Even with the benefit of hindsight, sometimes there aren’t any facts that would have given away a ‘bad apple’ in the company. Some people hide their negative traits or bad intent really well; others are perfectly good employees until a life or work event happens.
But sometimes hindsight does reveal some red flags that weren’t noticed until after the company landed in the middle of investigation for serious misconduct. By proactively looking for those red flags, it might be possible to prevent the bad behavior before it even happens. At the very least, you might be able to address the behavior before it spills over into larger issues within the team or division. Here are three red flags that small problems might turn into bigger ones if left unaddressed.
An employee is in the Fraud Triangle
The Fraud Triangle outlines three factors that are typically present when a person commits financial fraud. The first two factors are well known – the employee faces pressure that can be resolved with money, and believes they have the opportunity to commit the fraud without it being noticed.
However, many people assume that the fraudster knows what they’re doing is morally wrong. In reality, employees are much more likely to commit fraud if they believe their circumstance makes it morally acceptable to steal money. Examples include a need to care for a family, or an employer they believe has wronged them in some way. That’s why it’s important to counter this rationalization with ethics education – and why employees that are disgruntled are dangerous, especially if serve they in positions of trust.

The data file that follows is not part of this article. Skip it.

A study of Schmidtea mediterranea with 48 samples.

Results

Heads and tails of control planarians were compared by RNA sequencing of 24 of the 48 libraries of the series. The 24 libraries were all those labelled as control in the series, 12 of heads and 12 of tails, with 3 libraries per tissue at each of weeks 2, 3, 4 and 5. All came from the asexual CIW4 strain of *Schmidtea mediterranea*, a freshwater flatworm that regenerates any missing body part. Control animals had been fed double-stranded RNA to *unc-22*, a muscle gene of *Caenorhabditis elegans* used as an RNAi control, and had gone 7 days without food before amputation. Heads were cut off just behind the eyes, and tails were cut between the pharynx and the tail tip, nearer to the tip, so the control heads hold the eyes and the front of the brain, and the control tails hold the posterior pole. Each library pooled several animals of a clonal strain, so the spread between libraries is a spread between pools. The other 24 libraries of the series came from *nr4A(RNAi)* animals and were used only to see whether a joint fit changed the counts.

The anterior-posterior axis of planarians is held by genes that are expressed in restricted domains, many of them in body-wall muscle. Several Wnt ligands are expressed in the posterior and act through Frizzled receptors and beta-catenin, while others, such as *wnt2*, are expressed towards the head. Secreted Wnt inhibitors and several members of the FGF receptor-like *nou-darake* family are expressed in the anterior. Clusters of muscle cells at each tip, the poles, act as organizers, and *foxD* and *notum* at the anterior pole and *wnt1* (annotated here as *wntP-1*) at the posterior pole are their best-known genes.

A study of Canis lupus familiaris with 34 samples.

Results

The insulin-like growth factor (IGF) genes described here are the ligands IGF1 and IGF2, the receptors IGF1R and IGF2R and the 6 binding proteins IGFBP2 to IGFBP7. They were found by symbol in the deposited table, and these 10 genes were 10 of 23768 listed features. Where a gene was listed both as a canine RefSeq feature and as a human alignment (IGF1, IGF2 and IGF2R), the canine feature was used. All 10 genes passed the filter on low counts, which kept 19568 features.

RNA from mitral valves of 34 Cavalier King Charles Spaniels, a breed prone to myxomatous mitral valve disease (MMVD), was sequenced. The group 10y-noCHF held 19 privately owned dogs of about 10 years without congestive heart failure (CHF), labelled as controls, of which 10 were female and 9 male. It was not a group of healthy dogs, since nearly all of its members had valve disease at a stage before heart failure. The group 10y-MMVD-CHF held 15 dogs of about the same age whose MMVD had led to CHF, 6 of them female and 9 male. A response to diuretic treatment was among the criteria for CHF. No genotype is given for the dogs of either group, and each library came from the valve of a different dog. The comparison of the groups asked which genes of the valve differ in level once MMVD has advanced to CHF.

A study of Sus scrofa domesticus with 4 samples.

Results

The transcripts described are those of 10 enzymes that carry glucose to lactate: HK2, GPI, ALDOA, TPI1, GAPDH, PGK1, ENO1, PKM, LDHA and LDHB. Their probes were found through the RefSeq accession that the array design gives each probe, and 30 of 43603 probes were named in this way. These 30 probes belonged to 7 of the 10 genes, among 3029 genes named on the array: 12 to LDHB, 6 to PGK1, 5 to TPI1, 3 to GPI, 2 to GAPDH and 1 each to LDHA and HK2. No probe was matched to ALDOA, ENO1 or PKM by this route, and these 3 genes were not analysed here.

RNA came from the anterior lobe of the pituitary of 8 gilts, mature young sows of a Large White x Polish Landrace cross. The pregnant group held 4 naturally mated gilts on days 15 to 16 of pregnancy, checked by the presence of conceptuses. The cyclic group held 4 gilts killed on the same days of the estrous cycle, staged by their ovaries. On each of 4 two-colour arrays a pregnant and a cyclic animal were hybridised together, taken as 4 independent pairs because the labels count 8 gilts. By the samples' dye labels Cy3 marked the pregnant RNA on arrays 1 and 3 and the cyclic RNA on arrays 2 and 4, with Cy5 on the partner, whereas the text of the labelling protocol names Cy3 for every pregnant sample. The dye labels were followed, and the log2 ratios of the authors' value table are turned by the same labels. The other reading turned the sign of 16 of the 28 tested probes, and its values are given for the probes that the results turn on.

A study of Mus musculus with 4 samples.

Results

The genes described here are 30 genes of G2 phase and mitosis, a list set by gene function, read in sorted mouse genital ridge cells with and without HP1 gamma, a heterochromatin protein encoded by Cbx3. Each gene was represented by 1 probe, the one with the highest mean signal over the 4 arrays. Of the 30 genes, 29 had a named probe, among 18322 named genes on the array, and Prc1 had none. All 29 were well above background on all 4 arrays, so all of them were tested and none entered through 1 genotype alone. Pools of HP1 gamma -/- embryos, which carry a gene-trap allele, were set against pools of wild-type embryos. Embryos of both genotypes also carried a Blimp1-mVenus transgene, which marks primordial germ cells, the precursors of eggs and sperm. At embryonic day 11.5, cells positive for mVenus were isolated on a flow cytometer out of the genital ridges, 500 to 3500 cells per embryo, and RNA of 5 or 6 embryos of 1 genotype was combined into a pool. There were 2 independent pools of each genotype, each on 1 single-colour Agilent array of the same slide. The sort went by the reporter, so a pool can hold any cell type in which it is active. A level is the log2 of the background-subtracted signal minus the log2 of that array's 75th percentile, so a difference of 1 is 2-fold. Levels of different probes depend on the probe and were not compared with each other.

There are Simultaneous Lifestyle and Behavioral Changes
There are legitimate reasons an employee can suddenly develop the means to afford expensive vehicles or attire – it could be due to a significant other, an inheritance, or even the choice to use some of their savings on belongings. However, if this is accompanied with behavior changes, such as higher stress levels and a less open personality, it might be a sign of wrongdoing. This is especially true if they seem reluctant to take vacation or call in sick, as they may be covering up fraudulent activity while at work.
An Employee Hoards Responsibilities
Beyond just refusing to take vacation, there are other signs that a manager is owning work so they can cover up fraud. Do they insist on holding on to responsibilities that could easily be delegated to an employee? Do they seem to hire poor quality staff, even if a different candidate demonstrates more competence during the hiring process? Do they hold on to specific customer or vendor relationships and refuse to let others step in when they’re unavailable? All of these are red flags for management fraud, which generally leads to substantially more losses than non-management fraud.
To learn how CMTS:HR can help your company close HR investigations faster and more efficiently, call us at 855-636-5361 or email us at Team_CMTSHR@CMTSHR.com.